This goes a long way in explaining how HEAL’s opening track “Goshen ’97” (named for Showalter’s birthplace of Goshen, IN) can exist as a perfect rock song that also practically dares the listener to sing-yell along with its melancholy chorus of “I was lonely/But I was having fun/I don’t want to start all over again” as Dinosaur Jr’s J. Mascis provides a wonderful guitar line assist. “Goshen ’97” was a memorable opener to HEAL, and the rest of the album lived up to the greatness of its first track. Other standouts from HEAL—an album partially inspired by a horrific car accident that Showalter and his wife, Sue, survived in 2012—included the synth-heavy “Same Emotion,” alcohol abuse anthem “Shut In,” and the heartfelt “JM,” a tribute to influential singer-songwriter Jason Molina. HEAL was a heavy, gorgeously realized masterpiece—one which put Showalter’s considerable talents onto the radars of the music press and new fans.

Showalter’s latest album under the Strand of Oaks moniker, Hard Love, is markedly unlike HEAL in a lot of ways. In a recent Stereogum profile authored by music writer Ryan Leas, Showalter called HEAL “bullshit,” elaborating that he was “sick of being the sad white guy with an acoustic guitar.” Hard Love will lay that persona to rest. Where HEAL was a compendium of folk rock with an experimental, synth-driven edge, Hard Love is a collection of guitar-heavy anthems that tumble into psychedelia while retaining a brutal focus. “Radio Kids,” the album’s second track, may be the most traditional rock song that Showalter has ever written, but that doesn’t mean it’s boring or staid; if the song is not destined for actual radio play, it will surely find its way onto the playlists of music nerds and modern rock enthusiasts alike.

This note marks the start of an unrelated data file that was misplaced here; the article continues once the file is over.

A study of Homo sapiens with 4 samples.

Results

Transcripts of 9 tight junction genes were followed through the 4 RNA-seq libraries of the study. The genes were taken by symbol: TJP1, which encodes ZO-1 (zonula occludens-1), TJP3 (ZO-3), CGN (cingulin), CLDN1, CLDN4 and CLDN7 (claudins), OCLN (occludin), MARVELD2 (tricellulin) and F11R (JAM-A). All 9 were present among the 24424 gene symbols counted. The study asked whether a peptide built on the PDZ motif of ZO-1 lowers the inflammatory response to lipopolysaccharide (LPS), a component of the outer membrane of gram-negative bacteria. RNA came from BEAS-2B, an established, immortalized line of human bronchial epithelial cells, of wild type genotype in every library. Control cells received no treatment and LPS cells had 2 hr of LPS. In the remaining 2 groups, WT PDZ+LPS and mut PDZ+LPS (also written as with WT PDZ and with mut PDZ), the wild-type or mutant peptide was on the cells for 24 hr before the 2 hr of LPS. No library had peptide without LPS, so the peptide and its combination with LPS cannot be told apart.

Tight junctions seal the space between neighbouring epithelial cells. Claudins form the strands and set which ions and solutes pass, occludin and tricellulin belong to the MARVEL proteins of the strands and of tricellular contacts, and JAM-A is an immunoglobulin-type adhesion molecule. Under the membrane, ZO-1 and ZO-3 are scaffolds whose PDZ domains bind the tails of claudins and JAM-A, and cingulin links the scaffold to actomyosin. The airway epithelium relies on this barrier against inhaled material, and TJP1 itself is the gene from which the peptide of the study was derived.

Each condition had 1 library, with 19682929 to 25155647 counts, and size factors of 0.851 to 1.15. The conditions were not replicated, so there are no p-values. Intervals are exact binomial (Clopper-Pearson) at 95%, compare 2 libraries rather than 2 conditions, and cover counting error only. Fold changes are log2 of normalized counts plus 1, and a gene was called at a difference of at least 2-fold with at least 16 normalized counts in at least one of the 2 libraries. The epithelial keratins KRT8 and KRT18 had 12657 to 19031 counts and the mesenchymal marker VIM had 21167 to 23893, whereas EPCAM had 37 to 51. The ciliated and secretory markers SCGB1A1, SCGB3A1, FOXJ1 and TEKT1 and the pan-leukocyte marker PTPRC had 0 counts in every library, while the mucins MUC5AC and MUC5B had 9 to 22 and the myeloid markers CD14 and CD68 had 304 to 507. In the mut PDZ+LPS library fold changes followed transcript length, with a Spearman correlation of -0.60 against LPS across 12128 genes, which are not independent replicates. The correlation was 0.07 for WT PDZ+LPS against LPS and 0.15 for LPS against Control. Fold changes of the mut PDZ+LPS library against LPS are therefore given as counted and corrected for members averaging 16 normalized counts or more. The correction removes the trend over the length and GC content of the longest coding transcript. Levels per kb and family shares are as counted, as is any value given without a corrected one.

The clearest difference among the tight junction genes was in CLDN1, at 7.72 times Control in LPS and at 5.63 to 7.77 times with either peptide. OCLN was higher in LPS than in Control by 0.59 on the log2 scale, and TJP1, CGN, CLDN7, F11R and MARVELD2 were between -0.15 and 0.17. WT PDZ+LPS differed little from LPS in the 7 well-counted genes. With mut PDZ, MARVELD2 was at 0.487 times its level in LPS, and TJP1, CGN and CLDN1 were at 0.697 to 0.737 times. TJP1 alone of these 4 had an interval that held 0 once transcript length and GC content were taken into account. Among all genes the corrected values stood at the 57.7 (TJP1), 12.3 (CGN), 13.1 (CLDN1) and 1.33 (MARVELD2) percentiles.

It’s difficult to name specific standout tracks on Hard Love—the entire album is skillfully, tightly paced, and with only nine tracks, there is not a second wasted. Many of the songs—most notably “Salt Brothers,” “On the Hill,” and final track “Taking Acid and Talking to My Brother,” were clearly inspired by Showalter’s (mis)adventures with substance use, but Hard Love’s personal, inward focus doesn’t detract from the quality of the songs. Piano-led ballad “Cry” serves as the album’s midpoint, and starkly paints a lyrical portrait of a relationship that might be romantic or harmful—or perhaps both–depending on the listener’s point of view.

Hard Love proves that Showalter excels at exposing and teasing out the contradictory—and often uncomfortable—aspects of being human. We are all flawed creatures, but even with those flaws, there are certain truths that are worth exploring and bringing to light via art. Hard Love may not be an explicitly political record, but the songs that Showalter has crafted on this album serve as stark reminders—and very needed ones in this political moment—that human difficulties and flaws must be brought to light in order to make any sort of progress.